The deadline for submitting comments on the IRT Report has been extended to Monday, July 6th. Background information and links to the final Report can be found at http://www.icann.org/en/announcement...9may09-en.htm;
comments should be submitted to email@example.com
. While each individual should focus on those aspects of the Report of greatest concern to him, major points that will be made in the comment letter being prepared by the ICA are:
• The IRT operated in violation of ICANN Bylaws requirements for maximum transparency and fair representation. It voted to operate confidentiality; its agenda and membership was controlled by the Intellectual Property Constituency (IPC); and it included no members of the domain investment community. Not surprisingly, its recommendations lack balance and constitute proposed UDRP reform undertaken solely from the perspective of complainants.
• The Uniform Rapid Suspension (URS) proposal would effectively displace the UDRP at all new gTLDs and substantially diminish registrants’ procedural and substantive due process rights. The extreme low cost of filing complaints (as little as $1.50 per domain in mass filings) and the lack of effective sanctions (abusive complainants barred from the URS for one year, and then only after three separate incidents of abuse, with no monetary sanctions or indemnification requirements) would encourage abusive complaint filings. There is also a lack of effective or affordable substantive appeals procedures for registrants who believe that their domains have been unfairly suspended. Further, trademark interests have already voiced the goal of imposing the URS on incumbent gTLDs, including .com, soon after its adoption for new gTLDs.
• Other report recommendations, such as the Globally Protected Marks List (GPML), appear to be both infeasible and have no basis in existing trademark law; their adoption would impermissibly expand ICANN’s function to that of a DNS treaty organization or legislature.
• While the domain investment community is willing to engage constructively with trademark interests, that must occur through a standard but expedited ICANN Policy Development Process (PDP) that is open to all affected interests, transparent in its operation, and balanced in its membership and recommendations. This can result in UDRP reforms applicable to both new and incumbent gTLDs that provide redress to the current problems and abuses faced by both registrants and complainants. It would be an unacceptable precedent to allow a single ICANN constituency to control a short term, ad hoc group and have its skewered policy recommendations implemented absent further review and input by the broad ICANN community.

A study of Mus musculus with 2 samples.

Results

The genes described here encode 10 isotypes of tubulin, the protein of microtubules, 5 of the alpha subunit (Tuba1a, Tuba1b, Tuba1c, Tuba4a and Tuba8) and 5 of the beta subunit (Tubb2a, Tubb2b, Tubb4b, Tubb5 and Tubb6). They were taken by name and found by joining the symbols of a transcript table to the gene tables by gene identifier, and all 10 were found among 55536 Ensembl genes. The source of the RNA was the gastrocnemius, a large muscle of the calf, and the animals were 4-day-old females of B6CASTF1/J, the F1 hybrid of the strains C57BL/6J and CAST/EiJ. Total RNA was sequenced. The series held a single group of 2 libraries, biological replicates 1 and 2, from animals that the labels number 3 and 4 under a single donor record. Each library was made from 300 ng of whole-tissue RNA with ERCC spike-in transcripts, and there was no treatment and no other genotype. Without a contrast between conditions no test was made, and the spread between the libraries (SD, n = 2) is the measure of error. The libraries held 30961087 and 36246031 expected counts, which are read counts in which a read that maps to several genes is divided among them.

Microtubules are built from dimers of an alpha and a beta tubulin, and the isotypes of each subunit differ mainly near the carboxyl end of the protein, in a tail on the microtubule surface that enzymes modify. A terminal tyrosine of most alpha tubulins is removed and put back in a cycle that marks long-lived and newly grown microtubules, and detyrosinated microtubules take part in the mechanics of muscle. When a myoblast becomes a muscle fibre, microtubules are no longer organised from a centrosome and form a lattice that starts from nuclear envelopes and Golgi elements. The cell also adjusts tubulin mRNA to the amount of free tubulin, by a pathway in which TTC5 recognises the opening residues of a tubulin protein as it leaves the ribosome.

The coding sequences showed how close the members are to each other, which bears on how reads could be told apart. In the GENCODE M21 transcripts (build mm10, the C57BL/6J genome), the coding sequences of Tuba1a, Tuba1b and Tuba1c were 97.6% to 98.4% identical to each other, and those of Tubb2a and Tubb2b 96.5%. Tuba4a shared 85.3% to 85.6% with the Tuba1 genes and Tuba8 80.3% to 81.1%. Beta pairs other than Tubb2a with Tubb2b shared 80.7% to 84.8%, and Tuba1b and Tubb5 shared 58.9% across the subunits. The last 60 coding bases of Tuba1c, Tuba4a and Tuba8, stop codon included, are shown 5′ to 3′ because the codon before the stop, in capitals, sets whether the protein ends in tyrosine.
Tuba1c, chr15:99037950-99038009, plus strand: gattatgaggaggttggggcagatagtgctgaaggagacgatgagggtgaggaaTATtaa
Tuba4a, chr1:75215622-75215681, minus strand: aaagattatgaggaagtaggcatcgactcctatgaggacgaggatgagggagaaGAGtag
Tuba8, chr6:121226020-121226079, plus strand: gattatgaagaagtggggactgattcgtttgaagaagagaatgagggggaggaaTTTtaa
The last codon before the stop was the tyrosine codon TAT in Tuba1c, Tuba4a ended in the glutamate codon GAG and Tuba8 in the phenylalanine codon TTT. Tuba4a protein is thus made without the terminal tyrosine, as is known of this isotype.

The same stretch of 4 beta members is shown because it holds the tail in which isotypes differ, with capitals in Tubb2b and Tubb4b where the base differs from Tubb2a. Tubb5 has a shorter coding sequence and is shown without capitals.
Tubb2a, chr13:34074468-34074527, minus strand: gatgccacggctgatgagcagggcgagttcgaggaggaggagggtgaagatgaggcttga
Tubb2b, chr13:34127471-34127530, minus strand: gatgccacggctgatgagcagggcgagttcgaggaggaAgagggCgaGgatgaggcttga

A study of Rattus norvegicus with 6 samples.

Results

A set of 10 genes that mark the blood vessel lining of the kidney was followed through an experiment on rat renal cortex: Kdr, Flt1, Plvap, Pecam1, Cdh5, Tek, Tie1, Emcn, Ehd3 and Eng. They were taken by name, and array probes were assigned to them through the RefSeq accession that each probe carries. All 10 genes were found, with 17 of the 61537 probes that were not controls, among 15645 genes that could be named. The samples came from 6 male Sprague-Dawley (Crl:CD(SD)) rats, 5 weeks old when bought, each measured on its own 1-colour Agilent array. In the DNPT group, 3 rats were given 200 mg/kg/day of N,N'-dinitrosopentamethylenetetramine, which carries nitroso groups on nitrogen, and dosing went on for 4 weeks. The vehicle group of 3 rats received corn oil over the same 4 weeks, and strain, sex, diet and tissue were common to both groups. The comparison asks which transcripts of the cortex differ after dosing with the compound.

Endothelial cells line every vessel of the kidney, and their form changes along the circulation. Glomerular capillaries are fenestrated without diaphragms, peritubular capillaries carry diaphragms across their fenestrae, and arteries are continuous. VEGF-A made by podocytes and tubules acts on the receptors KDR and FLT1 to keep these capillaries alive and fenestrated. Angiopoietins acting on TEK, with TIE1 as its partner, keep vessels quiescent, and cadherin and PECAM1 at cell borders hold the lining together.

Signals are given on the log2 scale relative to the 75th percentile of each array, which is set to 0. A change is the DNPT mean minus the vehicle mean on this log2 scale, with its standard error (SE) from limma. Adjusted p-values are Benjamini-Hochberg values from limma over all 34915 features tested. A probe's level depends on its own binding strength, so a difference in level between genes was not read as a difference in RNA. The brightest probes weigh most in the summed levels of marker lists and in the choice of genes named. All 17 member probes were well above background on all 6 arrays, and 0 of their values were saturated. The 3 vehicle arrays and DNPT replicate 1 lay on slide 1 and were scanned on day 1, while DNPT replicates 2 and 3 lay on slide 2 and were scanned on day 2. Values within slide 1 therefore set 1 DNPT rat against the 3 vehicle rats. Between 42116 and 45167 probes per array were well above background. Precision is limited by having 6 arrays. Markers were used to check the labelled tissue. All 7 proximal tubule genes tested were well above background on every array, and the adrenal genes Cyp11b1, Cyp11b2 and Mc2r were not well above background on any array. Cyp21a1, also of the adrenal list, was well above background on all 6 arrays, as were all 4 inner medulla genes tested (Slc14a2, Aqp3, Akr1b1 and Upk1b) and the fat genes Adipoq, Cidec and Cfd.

The close of the comment period is not the end of this process. On Monday, July 13th ICANN will hold in New York City the first of four full day global consultations on the new gTLD program, free and open to all who have pre-registered, with a focus on trademark protection and the potential for malicious behavior. The NYC consultation will be followed by one in London on July 15th; Hong Kong on July 24th; and Abu-Dhabi on August 4th. Information about these consultations and a link to the pre-registration page can be found at http://www.icann.org/en/topics/new-g...utreach-en.htm
. We know that the trademark community is actively encouraging its members to attend and speak out at these consultations, so it is vitally important that the domain investment community, as well as the many other constituencies and organizations that have raised strong concerns about the IRT process and recommendations, be in attendance as well.
ICANN Counsel Philip Corwin is planning to attend the NYC consultation and would appreciate being advised by those in the domainer community and other groups concerned by the IRT Report who are planning to attend – he can be reached by e-mail at firstname.lastname@example.org
Freedom is never free. Please take the time this weekend to send a comment to ICANN, and please consider attending one of the upcoming global consultations – because those who would diminish registrant rights are already planning to do so.